Missouri defensive end Michael Sam made waves on Sunday night when he announced that he’s gay. Since then, there’s been a whirlwind of scrutiny, mostly relating to whether or not the NFL is ready for a gay player.
Before any of that happens, though, Sam needs to be drafted. He had a very productive career with the Tigers, capping it off in 2013 by racking up 11 1/2 sacks, winning SEC Defensive Player of the Year and earning first-team All-American honors. But how good is Sam, and when will he hear his name called in May’s NFL draft? Let’s take a look at Sam’s scouting report, based solely on football:
Positives: Sam does one thing very well -- get to the quarterback. He does most of his damage on the edge, usually as a left end lined up at the seven-technique (on the inside shoulder of the tight end). He gets a good jump off of the line of scrimmage, and is surprisingly powerful for his 6-2, 255-pound frame.
Sam utilizes a good rip move to disengage with a blocker and get into the backfield. He’s not as fast as some of his peers, but he’s got enough speed to flush quarterbacks out of the pocket or chase down running backs.
In addition, he uses his compact frame to create leverage against bigger blockers. That allows him to split gaps on stunts, which were called fairly often in Missouri’s defense.
Negatives: At 6-2 and 255 pounds, Sam is undersized for an NFL defensive end. That lack of size makes him a “tweener” -- too small to be an every-down defensive end, too raw to play outside linebacker.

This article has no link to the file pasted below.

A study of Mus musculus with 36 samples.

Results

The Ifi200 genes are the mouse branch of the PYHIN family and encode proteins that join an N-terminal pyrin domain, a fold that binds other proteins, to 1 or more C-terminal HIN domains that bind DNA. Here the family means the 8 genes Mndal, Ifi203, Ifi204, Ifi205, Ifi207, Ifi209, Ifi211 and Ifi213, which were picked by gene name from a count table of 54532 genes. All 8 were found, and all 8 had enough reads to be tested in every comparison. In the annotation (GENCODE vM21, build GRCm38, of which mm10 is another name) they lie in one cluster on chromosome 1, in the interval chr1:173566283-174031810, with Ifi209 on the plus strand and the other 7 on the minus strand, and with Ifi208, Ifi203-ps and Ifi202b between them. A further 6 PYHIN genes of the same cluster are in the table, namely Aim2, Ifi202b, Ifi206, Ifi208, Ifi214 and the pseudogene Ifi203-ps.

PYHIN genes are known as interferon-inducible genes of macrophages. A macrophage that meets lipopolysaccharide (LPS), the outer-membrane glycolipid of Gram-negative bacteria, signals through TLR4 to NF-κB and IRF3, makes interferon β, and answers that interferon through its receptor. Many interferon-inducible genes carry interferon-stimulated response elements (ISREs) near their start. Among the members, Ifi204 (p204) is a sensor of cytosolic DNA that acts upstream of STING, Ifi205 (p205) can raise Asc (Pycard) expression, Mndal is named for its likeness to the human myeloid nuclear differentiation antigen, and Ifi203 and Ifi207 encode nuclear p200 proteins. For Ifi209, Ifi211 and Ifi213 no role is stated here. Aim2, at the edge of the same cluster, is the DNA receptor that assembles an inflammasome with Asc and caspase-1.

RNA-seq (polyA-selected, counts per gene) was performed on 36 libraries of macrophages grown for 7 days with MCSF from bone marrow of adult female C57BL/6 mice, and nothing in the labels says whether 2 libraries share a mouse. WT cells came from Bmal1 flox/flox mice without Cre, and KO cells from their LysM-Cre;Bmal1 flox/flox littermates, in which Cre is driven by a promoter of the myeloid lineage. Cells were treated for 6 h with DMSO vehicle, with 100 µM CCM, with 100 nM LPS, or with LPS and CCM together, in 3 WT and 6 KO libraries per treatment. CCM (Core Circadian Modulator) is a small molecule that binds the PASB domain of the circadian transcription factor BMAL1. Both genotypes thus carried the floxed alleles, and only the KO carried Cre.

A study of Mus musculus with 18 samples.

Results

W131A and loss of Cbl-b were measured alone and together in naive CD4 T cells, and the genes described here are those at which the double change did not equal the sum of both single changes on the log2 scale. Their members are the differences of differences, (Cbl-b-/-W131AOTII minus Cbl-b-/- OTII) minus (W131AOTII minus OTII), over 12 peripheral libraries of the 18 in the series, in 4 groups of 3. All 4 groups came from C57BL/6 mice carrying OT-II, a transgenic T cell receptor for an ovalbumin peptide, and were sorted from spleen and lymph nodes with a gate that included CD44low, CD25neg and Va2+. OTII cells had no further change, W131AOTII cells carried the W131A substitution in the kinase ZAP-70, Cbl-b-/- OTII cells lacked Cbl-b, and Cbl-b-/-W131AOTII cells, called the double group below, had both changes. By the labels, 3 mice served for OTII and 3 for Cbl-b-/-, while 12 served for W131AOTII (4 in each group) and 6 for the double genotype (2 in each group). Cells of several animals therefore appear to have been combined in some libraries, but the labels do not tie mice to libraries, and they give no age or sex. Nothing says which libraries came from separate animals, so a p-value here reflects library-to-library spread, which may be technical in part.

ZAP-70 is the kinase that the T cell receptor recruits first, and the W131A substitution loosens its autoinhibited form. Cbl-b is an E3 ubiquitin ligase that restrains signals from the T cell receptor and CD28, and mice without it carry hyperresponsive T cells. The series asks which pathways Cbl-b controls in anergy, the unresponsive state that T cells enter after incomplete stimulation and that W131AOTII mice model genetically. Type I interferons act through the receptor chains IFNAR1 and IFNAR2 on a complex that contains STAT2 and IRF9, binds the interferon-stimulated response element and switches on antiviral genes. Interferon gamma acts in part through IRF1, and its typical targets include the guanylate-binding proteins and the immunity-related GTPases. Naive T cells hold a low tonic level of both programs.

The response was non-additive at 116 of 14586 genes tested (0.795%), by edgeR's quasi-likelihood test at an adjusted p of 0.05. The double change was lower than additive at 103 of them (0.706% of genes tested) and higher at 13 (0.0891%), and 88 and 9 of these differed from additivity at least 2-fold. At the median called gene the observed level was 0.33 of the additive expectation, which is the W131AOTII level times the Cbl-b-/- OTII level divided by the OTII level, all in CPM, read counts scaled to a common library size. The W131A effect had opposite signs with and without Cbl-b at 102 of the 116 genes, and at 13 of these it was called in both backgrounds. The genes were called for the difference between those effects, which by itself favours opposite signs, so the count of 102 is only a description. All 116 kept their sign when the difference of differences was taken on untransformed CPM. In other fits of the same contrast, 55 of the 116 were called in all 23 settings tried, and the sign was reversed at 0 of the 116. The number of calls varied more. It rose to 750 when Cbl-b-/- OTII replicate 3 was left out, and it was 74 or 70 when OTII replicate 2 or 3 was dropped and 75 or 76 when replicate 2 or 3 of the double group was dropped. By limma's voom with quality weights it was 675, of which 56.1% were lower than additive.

That second part was evident during Senior Bowl workouts in January. Sam reportedly struggled to adapt to a stand-up linebacker role, leading some to wonder if he would be able to handle the transition at the next level.
Also, Sam’s pass-rushing moves are limited aside from his rip. No matter what position he plays at the next level, he’ll need to develop a more advanced repertoire to shed blockers.
Projection: It’s not unrealistic to suggest that Sam could go anywhere from the third to the fourth round (I had him as a second-rounder at linebacker, though that ranking came before the Senior Bowl). He might be a one-trick pony, but he does that trick well enough to potentially make an impact at the next level.
However, his on-field success will depend on how he’s utilized. Any team that drafts Sam as a 3-4 outside linebacker must be willing to put in the time to teach him the nuances of the position and deal with the growing pains, even if it means he doesn’t play much in 2014. Otherwise, he may be best suited as a rotational end in a 4-3 who comes in on obvious passing situations, which would make him more of a fourth- or fifth-round selection.